Lyttelton Theatre | ★★★★☆
Whew, how he does talk!” So exclaims the commodore from Don Juan, listening in as Ralph Fiennes’ garrulous Juan debates with the Devil. The same applies to Jack Tanner, Juan’s descendant and the protagonist of this supremely wordy play. First performed in 1905, George Bernard Shaw’s Man and Superman may be a romantic comedy, but its relentless wit surrounds a mountain of philosophic conjecture, largely delivered by Fiennes.
And what a delivery. Tanner is a man of startling contradictions, both loquacious dandy and hypocritical bore, dazzlingly assured and yet ultimately vulnerable. Fiennes plays him with incredible verve, capturing his character from every angle. There are glimmers of Gustave H from The Grand Budapest Hotel in his silver-tongued suaveness, but here the charisma is just one facet. As Don Juan imagined by Tanner in a dream, Fiennes exudes a melancholy fervour, caught between striving and hopelessness.
His linguistic mastery is breathtaking, lending an almost Shakespearian rhythm to Shaw’s prose, and this alone makes this production a marvel.
The dual structure of the play, in which an Edwardian comedy of manners encloses a metaphysical dream sequence, grants the whole piece an exaggerated hyperreality. It feels like the world’s most intellectual sitcom, set in some strange junction between Oscar Wilde and Goethe’s Faust. The cast embrace this with aplomb. As Ann Whitfield, the Beatrice to Tanner’s Benedick, Indira Varma winningly conveys a mixture of cold manipulation and magnetic charm. Tim McMullan is excellent both as a desperately romantic bandit and a slickly hospitable Satan.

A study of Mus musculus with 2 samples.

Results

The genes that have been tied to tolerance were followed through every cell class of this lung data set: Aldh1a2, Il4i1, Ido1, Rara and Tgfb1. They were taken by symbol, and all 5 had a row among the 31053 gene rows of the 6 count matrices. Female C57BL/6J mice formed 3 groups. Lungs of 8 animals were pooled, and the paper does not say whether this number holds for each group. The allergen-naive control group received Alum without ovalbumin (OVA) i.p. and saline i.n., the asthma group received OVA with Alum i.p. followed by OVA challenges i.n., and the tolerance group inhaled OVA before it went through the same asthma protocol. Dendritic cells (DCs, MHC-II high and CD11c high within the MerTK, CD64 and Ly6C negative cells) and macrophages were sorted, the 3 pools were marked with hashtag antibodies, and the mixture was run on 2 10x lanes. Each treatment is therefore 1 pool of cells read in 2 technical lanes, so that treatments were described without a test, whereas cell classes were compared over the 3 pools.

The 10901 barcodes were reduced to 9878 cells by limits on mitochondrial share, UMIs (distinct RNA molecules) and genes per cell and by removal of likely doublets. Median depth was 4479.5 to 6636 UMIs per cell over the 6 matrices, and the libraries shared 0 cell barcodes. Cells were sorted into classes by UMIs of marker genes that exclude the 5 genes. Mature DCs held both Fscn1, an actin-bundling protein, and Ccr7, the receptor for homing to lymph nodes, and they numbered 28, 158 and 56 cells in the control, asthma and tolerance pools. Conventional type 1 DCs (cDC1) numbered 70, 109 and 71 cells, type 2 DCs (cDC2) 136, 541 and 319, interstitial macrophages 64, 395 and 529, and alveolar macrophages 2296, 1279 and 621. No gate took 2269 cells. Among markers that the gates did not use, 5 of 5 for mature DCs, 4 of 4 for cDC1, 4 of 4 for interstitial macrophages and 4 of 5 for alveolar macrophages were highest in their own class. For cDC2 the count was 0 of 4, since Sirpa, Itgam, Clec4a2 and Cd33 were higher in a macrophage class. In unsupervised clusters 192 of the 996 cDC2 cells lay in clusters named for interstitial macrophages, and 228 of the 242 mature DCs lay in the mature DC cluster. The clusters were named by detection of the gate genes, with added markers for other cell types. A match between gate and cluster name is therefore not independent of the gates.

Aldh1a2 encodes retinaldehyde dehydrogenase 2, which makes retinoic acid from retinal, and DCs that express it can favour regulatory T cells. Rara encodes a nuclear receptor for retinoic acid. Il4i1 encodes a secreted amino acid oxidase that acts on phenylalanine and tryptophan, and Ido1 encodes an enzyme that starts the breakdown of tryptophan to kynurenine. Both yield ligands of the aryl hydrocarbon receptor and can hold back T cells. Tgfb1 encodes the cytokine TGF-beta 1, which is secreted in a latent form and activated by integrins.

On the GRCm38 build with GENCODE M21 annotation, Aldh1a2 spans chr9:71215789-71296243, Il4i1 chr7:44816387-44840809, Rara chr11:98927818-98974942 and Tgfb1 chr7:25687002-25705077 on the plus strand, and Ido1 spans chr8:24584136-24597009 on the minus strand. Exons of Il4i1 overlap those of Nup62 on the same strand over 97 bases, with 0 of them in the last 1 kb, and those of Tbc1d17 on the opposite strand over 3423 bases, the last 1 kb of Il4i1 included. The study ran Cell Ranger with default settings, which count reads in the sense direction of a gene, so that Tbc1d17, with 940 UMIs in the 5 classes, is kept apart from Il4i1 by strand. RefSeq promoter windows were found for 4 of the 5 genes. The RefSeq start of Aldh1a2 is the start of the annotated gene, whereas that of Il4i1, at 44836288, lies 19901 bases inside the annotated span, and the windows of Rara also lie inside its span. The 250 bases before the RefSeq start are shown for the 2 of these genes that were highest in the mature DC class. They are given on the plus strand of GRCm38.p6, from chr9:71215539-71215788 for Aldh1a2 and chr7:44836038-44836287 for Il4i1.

Shaw’s play is as much a literary work as a performance piece. Characters are prone to standing around as others declaim, giving some passages a visual staticity that makes an interesting counterpoint to its verbal contortions. But this is an issue with the text, not the production. Director Simon Goodwin’s judicious cuts keep the dialogue fizzing along, and the uncluttered sets underscore that this a play grounded in conversation rather than action. The walls of white panels that dominate the stage are used to mesmeric effect in the dream sequence, alternatively blinding us with unearthly light and plunging us into darkness.
Man and Superman requires work. Though often hilarious, it hinges upon ideas, many of them mired in Shaw’s early twentieth century milieu. The arch delivery forsakes realism for a heightened theatricality often scorned in contemporary theatre. Open yourself up to it though, and you’ll find the most satisfying production of the year so far.